A ROYAL Bolton Hospital radiographer represented medical heroes at the Pride of Britain Awards.

Lead radiographer, Amanda Martin was chosen to represent the Bolton NHS Foundation Trust at the glittering star-studded awards. And teenager Adam Lawler was invited to the awards as a survivor and one of the people the medical team had worked so hard for on the night of the bombing.

Dr Martin, and other Manchester medics, received a special recognition award presented by Prince William. A group of survivors of the attack was onstage for the presentation, including Tottington schoolboy, Adam. Dr Martin, aged 53, of Chapeltown Road, Radcliffe, accepted the award, alongside her colleagues from the other Greater Manchester health trusts.

She said: “I was proud to be a radiographer representing my profession. Radiographers are on the frontline, patients come to us first and I was proud to be representing us. It was an amazing night but there was always this question, ‘did we deserve to be here?’ and ‘we’re only here because something horrendous happened’, that was always in the background.”

The Duke of Cambridge told the medics they had been honoured because of the way the region pulled together in the aftermath of the attack and because the attack in Manchester specifically targeted children.

On May 22, when bomber detonated his homemade device, Dr Martin had finished her day’s work. Like hundreds of other colleagues around Greater Manchester she returned to work to help the injured.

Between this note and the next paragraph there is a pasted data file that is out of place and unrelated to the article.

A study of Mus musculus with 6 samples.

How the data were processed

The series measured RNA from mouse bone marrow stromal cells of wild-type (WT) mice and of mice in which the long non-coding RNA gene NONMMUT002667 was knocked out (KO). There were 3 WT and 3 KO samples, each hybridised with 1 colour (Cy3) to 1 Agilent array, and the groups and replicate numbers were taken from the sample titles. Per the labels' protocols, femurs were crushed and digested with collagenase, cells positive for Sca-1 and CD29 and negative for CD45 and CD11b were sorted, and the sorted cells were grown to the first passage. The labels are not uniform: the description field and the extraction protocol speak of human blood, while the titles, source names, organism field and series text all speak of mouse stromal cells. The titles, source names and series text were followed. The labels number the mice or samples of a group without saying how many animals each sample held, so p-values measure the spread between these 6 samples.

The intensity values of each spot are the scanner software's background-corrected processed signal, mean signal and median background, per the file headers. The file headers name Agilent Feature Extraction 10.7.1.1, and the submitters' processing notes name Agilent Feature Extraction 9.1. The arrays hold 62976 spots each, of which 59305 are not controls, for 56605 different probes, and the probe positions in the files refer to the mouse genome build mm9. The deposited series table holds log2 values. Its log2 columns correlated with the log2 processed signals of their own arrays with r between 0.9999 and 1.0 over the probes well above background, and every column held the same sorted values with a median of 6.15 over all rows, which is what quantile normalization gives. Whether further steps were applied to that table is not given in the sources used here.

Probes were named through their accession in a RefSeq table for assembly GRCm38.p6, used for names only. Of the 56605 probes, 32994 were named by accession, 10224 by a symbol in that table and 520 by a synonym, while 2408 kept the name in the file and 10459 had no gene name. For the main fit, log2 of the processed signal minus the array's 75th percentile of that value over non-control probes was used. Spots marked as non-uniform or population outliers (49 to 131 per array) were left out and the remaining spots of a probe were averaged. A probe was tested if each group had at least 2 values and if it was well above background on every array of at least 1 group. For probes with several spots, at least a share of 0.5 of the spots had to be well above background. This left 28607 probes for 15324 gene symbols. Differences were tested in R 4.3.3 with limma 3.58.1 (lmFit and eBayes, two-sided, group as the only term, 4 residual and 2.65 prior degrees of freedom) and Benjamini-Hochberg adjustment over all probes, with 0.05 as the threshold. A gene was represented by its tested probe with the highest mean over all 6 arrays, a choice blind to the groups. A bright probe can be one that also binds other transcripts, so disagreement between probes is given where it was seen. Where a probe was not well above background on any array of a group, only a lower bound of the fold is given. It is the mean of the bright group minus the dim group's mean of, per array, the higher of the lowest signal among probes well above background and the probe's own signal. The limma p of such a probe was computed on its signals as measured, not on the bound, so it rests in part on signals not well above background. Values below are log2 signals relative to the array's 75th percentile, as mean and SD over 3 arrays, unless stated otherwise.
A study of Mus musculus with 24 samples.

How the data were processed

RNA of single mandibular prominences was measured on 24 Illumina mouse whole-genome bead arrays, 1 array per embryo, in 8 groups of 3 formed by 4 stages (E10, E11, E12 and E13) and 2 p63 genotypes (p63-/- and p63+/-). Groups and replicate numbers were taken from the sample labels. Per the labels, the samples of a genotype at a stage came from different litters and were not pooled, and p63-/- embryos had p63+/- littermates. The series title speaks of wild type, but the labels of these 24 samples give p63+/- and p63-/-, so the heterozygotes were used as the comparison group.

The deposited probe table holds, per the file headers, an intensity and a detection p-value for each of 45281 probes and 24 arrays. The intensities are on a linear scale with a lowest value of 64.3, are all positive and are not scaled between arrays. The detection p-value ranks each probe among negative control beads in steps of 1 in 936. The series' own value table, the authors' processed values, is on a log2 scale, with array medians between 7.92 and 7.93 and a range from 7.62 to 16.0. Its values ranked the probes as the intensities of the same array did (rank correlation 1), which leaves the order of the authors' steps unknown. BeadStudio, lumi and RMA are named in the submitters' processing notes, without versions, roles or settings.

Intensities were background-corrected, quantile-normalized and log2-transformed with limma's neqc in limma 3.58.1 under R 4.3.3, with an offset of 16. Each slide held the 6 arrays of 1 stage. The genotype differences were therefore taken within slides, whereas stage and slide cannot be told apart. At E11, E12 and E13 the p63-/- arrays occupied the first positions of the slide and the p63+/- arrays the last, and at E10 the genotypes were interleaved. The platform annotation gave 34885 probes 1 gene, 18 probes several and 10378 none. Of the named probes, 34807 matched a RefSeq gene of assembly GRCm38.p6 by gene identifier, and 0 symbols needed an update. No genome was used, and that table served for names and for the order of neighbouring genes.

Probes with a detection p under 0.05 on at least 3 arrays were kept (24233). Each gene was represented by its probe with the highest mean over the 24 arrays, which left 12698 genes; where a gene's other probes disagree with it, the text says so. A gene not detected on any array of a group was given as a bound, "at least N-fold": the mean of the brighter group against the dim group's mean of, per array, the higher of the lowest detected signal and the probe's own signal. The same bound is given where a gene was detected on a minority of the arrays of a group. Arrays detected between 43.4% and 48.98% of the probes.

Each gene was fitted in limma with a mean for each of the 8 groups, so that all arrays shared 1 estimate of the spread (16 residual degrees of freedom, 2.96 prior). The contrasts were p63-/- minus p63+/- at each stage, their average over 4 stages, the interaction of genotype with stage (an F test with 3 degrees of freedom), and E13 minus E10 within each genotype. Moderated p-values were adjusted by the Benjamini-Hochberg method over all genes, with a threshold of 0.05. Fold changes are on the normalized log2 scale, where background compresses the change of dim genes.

She said: “At first we didn’t think we were going to get anyone because we were so far away, but that first image we saw with the ballistics in was shocking.

“We are trained for major incidents and we deal with significant injuries, but this was very different. It had a psychological impact on us.”

Dr Martin said she and many colleagues struggled to deal with patients as they came because they could not act in the normal chatty way they would with people who have suffered an accident. She said in some cases the radiographers knew a patient’s family member had died.

Dr Martin said: “It was dealing with that, but we worked really well together, the whole team. Some of the radiographers were getting upset as they were being told stories of what had happened, I kept saying, ‘you’re a good radiographer, just do your job’ and that got us through the night.

“It was only when we finally went home and saw our families that we got upset.”

Adam, aged 15, was injured in the attack which killed his friend Olivia Campbell-Hardy, also 15, who he had gone to see Ariana Grande with.

He said: “It was quite an experience. Quite amazing.”

The event, held at Grosvenor House in London, was hosted by Carol Vorderman and stars of all professions were in attendance honouring the unsung heroes of the nation.

Adam said: “I had a 20-minute chat with Ed Sheeran, mostly about life and his role in Game of Thrones.

“You never think you’re going to meet these people, but I was in the same room as them.

“I met Paddy McGuinness and I told him I watched all of his comedy, like Max and Paddy and Phoenix Nights while I was in hospital.

“He said, ‘that’s amazing’ and he’s glad I’m doing better.”

Dr Martin said the celebrities were all ‘lovely’ but could not get Paul Hollywood to tell her who had won Bake Off.

She said: “They did an interview on stage and everyone in the room just stayed standing, It was very unusual seeing Alan Sugar, Joan Collins and Paddy McGuinness all standing, for us.”

The awards will be broadcast on ITV on Tuesday at 8pm.